You are not looking at a cloudy sky. This is the Reflection Nebula captured by the Hubble Space Telescope near the end of the Millennium. You can find more pictures like this at the Hubble Heritage Project.
The singular brilliant idea for the orbiting telescope was submitted in 1962. Congress voted for the funding in 1977. It was completed in 1985 and finally launched on April 15, 1990. That would be 48 years ago (since 2010).
People almost a half century ago thought this up. I wonder how many of them died before seeing the fruit of their labor? Even still, the pictures taken will last forever, seen by our kid’s kids.
Why should we care about places we can’t travel to though?
History has taught us how far humanity has gone with a limited here and now mentality. Columbus never would have discovered America; America never would have gone to the moon…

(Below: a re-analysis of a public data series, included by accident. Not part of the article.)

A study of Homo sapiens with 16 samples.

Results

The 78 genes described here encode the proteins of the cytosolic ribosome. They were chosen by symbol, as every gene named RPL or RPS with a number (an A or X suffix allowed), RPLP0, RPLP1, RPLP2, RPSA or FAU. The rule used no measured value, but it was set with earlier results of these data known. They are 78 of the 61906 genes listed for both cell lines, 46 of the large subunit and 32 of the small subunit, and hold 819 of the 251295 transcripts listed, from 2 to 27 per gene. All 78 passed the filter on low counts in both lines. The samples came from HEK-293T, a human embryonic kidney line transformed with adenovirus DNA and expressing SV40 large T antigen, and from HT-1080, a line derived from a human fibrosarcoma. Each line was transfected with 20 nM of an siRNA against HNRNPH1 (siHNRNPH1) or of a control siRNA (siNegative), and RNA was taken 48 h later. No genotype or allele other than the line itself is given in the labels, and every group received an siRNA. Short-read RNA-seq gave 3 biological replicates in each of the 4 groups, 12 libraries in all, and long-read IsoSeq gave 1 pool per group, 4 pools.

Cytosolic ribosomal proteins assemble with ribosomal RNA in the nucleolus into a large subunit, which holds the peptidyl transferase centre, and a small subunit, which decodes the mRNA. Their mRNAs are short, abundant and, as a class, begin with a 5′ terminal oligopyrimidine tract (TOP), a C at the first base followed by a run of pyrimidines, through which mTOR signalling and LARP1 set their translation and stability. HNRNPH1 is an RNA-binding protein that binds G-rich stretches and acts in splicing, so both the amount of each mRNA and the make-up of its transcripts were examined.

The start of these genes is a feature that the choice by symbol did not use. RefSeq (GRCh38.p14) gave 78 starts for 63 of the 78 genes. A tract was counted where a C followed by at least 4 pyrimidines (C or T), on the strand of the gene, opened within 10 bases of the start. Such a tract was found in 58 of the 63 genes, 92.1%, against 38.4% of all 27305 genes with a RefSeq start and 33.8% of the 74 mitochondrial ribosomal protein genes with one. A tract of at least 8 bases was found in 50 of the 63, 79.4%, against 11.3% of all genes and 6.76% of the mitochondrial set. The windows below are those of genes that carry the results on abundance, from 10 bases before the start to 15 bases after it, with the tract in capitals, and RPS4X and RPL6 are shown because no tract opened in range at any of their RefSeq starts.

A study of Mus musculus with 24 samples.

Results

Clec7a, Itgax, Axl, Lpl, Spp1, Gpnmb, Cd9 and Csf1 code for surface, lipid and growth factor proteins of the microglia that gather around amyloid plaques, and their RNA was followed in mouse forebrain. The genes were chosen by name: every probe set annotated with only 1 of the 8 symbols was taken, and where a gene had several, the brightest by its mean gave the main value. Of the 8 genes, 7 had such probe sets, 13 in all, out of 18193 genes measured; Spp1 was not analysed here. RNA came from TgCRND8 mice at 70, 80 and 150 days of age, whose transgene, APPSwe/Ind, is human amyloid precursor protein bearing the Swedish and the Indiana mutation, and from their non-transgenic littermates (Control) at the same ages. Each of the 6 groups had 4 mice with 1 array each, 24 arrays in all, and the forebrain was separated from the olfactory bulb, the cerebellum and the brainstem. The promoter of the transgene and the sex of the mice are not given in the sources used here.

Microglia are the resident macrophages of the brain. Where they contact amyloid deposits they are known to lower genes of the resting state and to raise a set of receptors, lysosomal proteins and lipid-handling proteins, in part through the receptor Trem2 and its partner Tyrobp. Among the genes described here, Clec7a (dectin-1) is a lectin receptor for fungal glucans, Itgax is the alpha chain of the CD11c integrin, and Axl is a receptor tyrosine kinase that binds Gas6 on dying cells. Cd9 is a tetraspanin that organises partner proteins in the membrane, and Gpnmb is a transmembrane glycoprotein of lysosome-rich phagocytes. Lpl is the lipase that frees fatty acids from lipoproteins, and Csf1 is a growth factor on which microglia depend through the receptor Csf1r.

If we don’t reach for something else, apart from what’s before us, then we have truly lost tomorrow. By reaching ahead to things that don’t yet make sense, we develop the tools to face what is yet to come.
Christopher Columbus dreamed of a path to the Indies. His voyage ended in 1492 in the rediscover of the Americas. 285 years later in 1777 the United States of America was born. Consequently when Hitler marched against most of the world 162 years later (1939), the unified effort of many nations including a large sacrifice from the United States kept him from achieving that goal. Columbus knew nothing of this when he sailed past the boundaries of a flat Earth.
Our race to the moon against Russia has laid the foundation for the modern technology we so enjoy today. Doctors heal us better, banks handle our money better, and people across the globe communicate with less of a headache.
Where do we go from here?
Look up my friends. Space extends much further than the moon.
Many years from now historians of the future will run across my blog post and think, “how quaint we were before commercialized space travel.”
We say the same to those who came before us. Those rare thinkers, long since dead, lofty mad men who built the foundation our present lives anchor to.